It was the Adverse Childhood Experiences (ACE) study in 1997 that made the link between early trauma and illness later in life official. The results overwhelmingly showed that the more significant hardships a person goes through in childhood, the greater their risk for illnesses such as cancer, diabetes, mental health issues, and addiction disorders. In fact, people with four or more ACEs were:
Toxic Stress Defined
The cause of these and other illnesses in such a population is termed “toxic stress.” When a child is frequently sad, scared, or frightened, their stress response system goes into overdrive, and doesn’t have time to rest, which puts a lot of wear and tear on the body and brain. This is at the expense of healthy brain development, as the brain cannot manage both damage control and growth. And the younger the brain, the more damaging the impacts of prolonged trauma.
Essentially, the toxic stress produced by multiple adverse childhood experiences maps out a lifelong detour from optimal health unless caring adults buffer that child from the impacts of trauma.
Prevention and Solutions
Ongoing stress can’t always be avoided. Children impacted by divorce, abuse, or neglect need stable and loving adults who can soften the effects of the ACEs and minimize long-term damage. Research shows the following positive influences can make all the difference for children experiencing toxic stress:
- Relationships with trusted adults
- Building self-efficacy; focusing on what they can control
- Learning how to self-soothe and regulate emotions
- Developing hope in the future
People with multiple ACEs run the risk of living lives marked by illness, but it doesn’t have to be that way. On an individual level, children need support from adults who can lessen the severity of the impact of ACEs. And on a systemic level, we need to invest in approaches known to reduce neglect and violence, such as strengthening household economic security, teaching social & emotional learning in schools, and offering affordable treatment for mental health and addiction issues. The long-term results of toxic stress are clear—the choice to meet this public health issue head-on is ours.
About the Expert
Marilyn G. Stein, MEd, CAAP graduated from Millersville University with a Bachelor of Arts in Social Work, going on to serve as a parole officer in Lancaster County, Pennsylvania for 23 years. During that tenure she earned a Master’s in Education from Penn State University in Training and Development.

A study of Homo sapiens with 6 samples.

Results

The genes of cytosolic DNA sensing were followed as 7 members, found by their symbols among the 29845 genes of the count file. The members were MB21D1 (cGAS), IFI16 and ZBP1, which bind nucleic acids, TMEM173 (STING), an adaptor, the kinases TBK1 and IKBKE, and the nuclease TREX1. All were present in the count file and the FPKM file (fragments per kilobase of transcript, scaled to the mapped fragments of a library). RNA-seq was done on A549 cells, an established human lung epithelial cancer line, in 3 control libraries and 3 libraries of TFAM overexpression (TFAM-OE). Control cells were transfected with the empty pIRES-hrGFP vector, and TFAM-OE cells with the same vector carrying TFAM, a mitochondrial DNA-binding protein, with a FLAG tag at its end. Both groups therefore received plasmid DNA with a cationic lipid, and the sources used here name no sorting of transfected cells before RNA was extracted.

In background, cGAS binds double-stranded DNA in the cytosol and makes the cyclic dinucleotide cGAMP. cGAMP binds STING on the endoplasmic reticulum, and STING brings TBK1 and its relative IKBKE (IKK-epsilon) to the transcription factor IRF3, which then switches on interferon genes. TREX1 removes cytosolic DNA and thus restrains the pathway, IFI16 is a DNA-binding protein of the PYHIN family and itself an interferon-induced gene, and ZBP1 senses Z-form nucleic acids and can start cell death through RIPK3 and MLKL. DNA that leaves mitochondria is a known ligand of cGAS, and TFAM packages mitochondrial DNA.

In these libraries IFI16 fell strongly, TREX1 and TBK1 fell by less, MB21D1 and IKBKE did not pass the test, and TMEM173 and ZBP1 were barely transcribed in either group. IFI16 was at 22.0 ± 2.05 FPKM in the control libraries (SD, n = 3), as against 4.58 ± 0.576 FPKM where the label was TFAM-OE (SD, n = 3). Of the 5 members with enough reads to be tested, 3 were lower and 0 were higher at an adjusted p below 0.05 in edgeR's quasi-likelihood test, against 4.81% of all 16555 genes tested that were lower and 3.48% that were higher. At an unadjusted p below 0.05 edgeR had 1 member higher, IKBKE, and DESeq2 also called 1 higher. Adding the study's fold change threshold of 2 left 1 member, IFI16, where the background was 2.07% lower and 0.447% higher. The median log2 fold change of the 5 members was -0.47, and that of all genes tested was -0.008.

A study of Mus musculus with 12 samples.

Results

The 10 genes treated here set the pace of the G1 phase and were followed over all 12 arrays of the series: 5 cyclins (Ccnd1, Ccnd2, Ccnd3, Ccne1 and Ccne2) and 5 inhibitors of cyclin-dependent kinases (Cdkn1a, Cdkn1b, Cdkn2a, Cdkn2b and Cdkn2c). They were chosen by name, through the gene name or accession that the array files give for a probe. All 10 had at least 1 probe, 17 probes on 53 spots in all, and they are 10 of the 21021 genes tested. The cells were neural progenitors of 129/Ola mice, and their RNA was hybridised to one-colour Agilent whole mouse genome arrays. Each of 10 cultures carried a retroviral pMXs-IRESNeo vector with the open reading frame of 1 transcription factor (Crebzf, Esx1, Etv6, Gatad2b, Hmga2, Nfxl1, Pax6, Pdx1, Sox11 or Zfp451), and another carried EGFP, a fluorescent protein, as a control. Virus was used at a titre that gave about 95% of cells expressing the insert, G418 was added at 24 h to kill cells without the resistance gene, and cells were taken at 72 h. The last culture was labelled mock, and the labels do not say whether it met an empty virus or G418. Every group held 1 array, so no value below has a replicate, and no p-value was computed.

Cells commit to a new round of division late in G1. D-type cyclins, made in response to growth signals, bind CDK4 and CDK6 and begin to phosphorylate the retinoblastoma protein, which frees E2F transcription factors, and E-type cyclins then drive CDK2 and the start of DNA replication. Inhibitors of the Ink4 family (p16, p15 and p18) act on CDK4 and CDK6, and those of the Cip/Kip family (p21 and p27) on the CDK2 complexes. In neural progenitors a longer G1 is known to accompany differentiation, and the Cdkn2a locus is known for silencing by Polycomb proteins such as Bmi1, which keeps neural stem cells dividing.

Today, as MGS Consulting, Marilyn is in high demand as an instructor, educator, and coach. She develops curriculum and trains extensively on topics spanning addiction,
trauma-informed care, de-escalation, cultural diversity, stigma, and shame. One-on-one clients seek her expertise on everything from empowerment and bariatric transformation to sobriety. Against any backdrop, Marilyn helps people forge their paths through impactful education and acceptance of change, freeing them from today’s barriers and girding them for tomorrow’s.
Marilyn served as Vice President of the Pennsylvania Certification Board of Directors, holds a Certified Allied Addiction certification with a Criminal Justice specialty, and is a Certified TREM (Trauma, Recovery and Empowerment Model) trainer. She is the author of two books: DUI Countermeasures and Motivational Interviewing for Change Agents, and a founder of Highway Safety Central, a breakthrough program designed to eliminate substance use and driving.
Marilyn facilitates a domestic violence batterers intervention group for Lancaster County Courts and has taught an addiction course for the School of Social Work at Millersville University. She travels extensively for work but calls Lancaster, Pennsylvania home.
This post was originally published by WGAL TV 8 on www.wgal.com and sponsored by Donegal Insurance Group as part of the Mental Health Moment campaign. We thank WGAL TV 8 and Donegal Insurance Group for their support of prevention and mental wellbeing in our region.